New Lotus Eletre is Britain’s answer to the Tesla Model X Plaid
The first-ever Lotus SUV is now available to order, offering 373 miles of range and 0-62mph in sub-three seconds
Lotus, famous as a purveyor of lightweight sports cars such as the Elise and Esprit, has finally caved-in to exceptional customer demand and decided to make an electric SUV. Badged the Lotus Eletre, the British maker’s first 4x4 is designed to rival the likes of the BMW iX, Polestar 3, Mercedes EQE SUV and Tesla Model X.
On sale now from £89,500, the Lotus hyper-SUV is offered in three variants: the Eletre, Eletre S and flagship Eletre R, with all three featuring a dual-motor powertrain and a 112kWh battery.
The base model and Eletre S both output 595bhp and 710Nm of torque, enough to reach the 62mph benchmark in 4.5 seconds – a whisker quicker than the top-spec BMW iX M60. Perhaps even more impressive is that, if you can manage to drive with some restraint, Lotus says both models offer a range of up to 373 miles.
If you’re after the ultimate in performance, you’ll be drawn to the £120,000 Eletre R; this pumps out a total of 893bhp and 985Nm of torque and slashes the electric hyper-SUV’s time 0-62mph time to 2.95 seconds. That’s almost as fast as the now-left-hand-drive-only Tesla Model X Plaid, although the Lotus’s extra performance also means range is reduced to 304 miles for the Eletre R.
Thanks to the Lotus’ 800-volt electrical architecture, the Eletre can go from 10-80% charge in just 20 minutes if you plug it into a 350kW ultra-rapid charger. Charging at home can be done at up to 22kW if you have the necessary three-phase electrics, but if not a regular 7.4kW home wallbox is likely to take close to 17 hours to fill the Lotus’ battery. There are charging ports located on both sides of the car for easier access.
One performance-orientated feature of the Eletre is torque vectoring by braking, which should help with handling in the five-metre-long SUV. Meanwhile, rear-axle steering is designed to improve manoeuvrability at lower speeds, as well as stability at high speeds.
The Eletre rides on active air suspension and 22-inch wheels as standard (20 or 23 inch items are also available), which sit in front of a set of four-piston carbon-ceramic brakes. Drivers also have a choice of six driving modes: Range, Tour, Sport, Off-Road, Individual and, on the high-performance Eletre R, Track.
Lotus says the Eletre has the “most advanced active aerodynamics package on any production SUV”, with its bodywork having been “carved by air”. Some of the most notable design choices include Matrix LED headlights at the front, plus a sloping roofline, full-width light bar and an electronically-adjustable ‘floating’ split spoiler at the rear.
As mentioned, the Eletre measures over five metres long and stands 1.63 metres tall. Width ranges from 2.1 to 2.2 metres depending on whether the optional digital wing mirrors are fitted. There’s up to 688 litres of boot space on offer, or 1,532 litres with the rear seats folded down, plus a 46-litre ‘frunk’ under the bonnet.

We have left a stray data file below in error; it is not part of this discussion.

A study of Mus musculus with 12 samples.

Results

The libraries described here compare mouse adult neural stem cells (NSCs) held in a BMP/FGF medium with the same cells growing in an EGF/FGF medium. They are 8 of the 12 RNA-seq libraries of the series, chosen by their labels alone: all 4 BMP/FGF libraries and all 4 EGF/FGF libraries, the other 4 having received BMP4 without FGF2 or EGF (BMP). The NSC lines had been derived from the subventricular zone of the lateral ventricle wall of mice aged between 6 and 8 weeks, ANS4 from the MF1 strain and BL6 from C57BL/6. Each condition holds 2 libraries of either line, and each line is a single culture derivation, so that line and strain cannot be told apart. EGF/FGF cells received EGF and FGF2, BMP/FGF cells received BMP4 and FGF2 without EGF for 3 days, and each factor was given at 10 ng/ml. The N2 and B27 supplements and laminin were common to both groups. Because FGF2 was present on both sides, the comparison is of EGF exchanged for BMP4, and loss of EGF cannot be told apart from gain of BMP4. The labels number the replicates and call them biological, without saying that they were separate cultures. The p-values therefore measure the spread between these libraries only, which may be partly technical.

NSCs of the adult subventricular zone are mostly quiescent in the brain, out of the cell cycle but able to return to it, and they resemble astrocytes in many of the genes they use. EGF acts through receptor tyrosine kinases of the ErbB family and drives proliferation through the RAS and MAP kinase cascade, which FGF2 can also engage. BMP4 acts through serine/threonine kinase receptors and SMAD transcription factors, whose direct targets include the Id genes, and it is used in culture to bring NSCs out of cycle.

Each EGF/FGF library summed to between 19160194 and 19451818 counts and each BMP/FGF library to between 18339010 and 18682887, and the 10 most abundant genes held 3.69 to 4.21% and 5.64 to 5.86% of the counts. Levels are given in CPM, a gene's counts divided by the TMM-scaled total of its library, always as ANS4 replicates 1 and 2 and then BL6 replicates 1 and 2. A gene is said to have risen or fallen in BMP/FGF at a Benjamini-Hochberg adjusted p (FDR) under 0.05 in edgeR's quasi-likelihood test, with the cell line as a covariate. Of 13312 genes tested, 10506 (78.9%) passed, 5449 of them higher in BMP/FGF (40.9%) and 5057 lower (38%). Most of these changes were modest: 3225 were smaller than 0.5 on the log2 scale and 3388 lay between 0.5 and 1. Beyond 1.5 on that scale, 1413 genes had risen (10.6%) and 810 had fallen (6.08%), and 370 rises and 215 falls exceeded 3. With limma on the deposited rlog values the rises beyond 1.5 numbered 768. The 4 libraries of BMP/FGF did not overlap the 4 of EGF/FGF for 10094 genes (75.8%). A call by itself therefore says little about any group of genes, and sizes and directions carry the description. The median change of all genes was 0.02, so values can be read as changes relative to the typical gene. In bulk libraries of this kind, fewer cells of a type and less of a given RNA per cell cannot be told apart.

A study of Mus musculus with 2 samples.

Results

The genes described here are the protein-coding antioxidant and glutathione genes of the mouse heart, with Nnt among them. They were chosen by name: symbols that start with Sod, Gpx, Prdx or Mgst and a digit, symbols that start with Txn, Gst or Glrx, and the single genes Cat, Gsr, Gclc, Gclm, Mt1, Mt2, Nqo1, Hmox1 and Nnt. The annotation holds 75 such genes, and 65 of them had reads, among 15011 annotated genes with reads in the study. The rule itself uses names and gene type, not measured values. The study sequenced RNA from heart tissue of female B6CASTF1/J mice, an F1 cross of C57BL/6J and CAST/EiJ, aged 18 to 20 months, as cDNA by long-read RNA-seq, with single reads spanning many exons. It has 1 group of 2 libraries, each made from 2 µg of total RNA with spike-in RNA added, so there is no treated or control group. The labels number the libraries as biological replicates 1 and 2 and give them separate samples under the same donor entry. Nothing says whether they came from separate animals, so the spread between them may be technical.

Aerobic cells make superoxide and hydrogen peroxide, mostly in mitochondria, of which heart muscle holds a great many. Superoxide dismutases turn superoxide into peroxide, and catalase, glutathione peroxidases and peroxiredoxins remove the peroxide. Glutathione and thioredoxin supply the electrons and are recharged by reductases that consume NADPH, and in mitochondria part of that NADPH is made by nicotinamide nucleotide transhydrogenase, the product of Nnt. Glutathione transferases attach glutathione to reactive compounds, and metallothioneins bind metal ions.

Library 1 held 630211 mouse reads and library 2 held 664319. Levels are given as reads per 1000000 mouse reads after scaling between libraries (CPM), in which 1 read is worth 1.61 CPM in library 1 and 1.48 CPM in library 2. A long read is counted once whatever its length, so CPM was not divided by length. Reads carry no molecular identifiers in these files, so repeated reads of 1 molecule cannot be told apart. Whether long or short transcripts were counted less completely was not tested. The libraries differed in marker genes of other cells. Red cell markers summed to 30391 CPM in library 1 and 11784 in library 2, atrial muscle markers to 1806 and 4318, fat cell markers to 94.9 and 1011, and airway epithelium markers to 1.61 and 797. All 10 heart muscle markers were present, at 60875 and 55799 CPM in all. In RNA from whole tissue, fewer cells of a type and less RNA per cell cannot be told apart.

At the heart of the Eletre’s cabin is a 15.1-inch central infotainment touchscreen which, according to Lotus, allows for 95% of the car’s functions to be accessed by three or fewer inputs. The central screen is flanked by two slim digital instrument panels: one for the driver and another for the front passenger. On top of those displays are LED strips that change colour to illustrate things like an incoming phone call or changing cabin temperature. The driver also benefits from a standard augmented-reality head-up display, plus wireless smartphone charging, Apple CarPlay and Android Auto connectivity.
As standard, the Eletre comes with five seats, but it’s available with a four-seater layout as part of the Executive Seat Pack. In this version, the middle seat is replaced by a centre console with two cupholders, a wireless charging tray and a nine-inch angled touchscreen with controls for the main infotainment screen. One drawback of this configuration is that it reduces the Eletre’s boot space from 688 litres to 611 litres.
One thing you won’t find in the Eletre’s cabin is leather. Instead, Lotus has used microfibres for key touchpoints and wool-blend fabrics for the upholstery, because they're 50% lighter – in-keeping with the brand’s philosophy of “simplify, then add lightness”. There’s also sporty carbon fibre trim on harder surfaces, which is lighter than metal or wood alternatives.
As the most ‘connected’ Lotus yet, the Eletre gets a wide array of advanced driver assistance systems, ranging from adaptive cruise control and road-sign recognition, to lane-keep assistance and collision mitigation. Several of the Eletre’s systems use data from the car’s deployable LIDAR sensors, which remain hidden until they’re needed, protruding from the top of the windshield and rear glass and from the front wheelarches.
This LIDAR technology, combined with other sensors and cameras around the car, should allow for some level of autonomous driving. The Eletre will be able to receive over-the-air (OTA) software updates from Lotus, plus owners can buy new software-based features as well. A dedicated smartphone app will allow owners to check vehicle and charge status, as well as carrying out other functions.
In the UK, the Eletre is covered by a five-year, 100,000-mile warranty, plus Lotus will provide roadside assistance across Europe for five years after it leaves the maker’s brand-new factory in China. UK customers can expect to receive their cars later in this summer.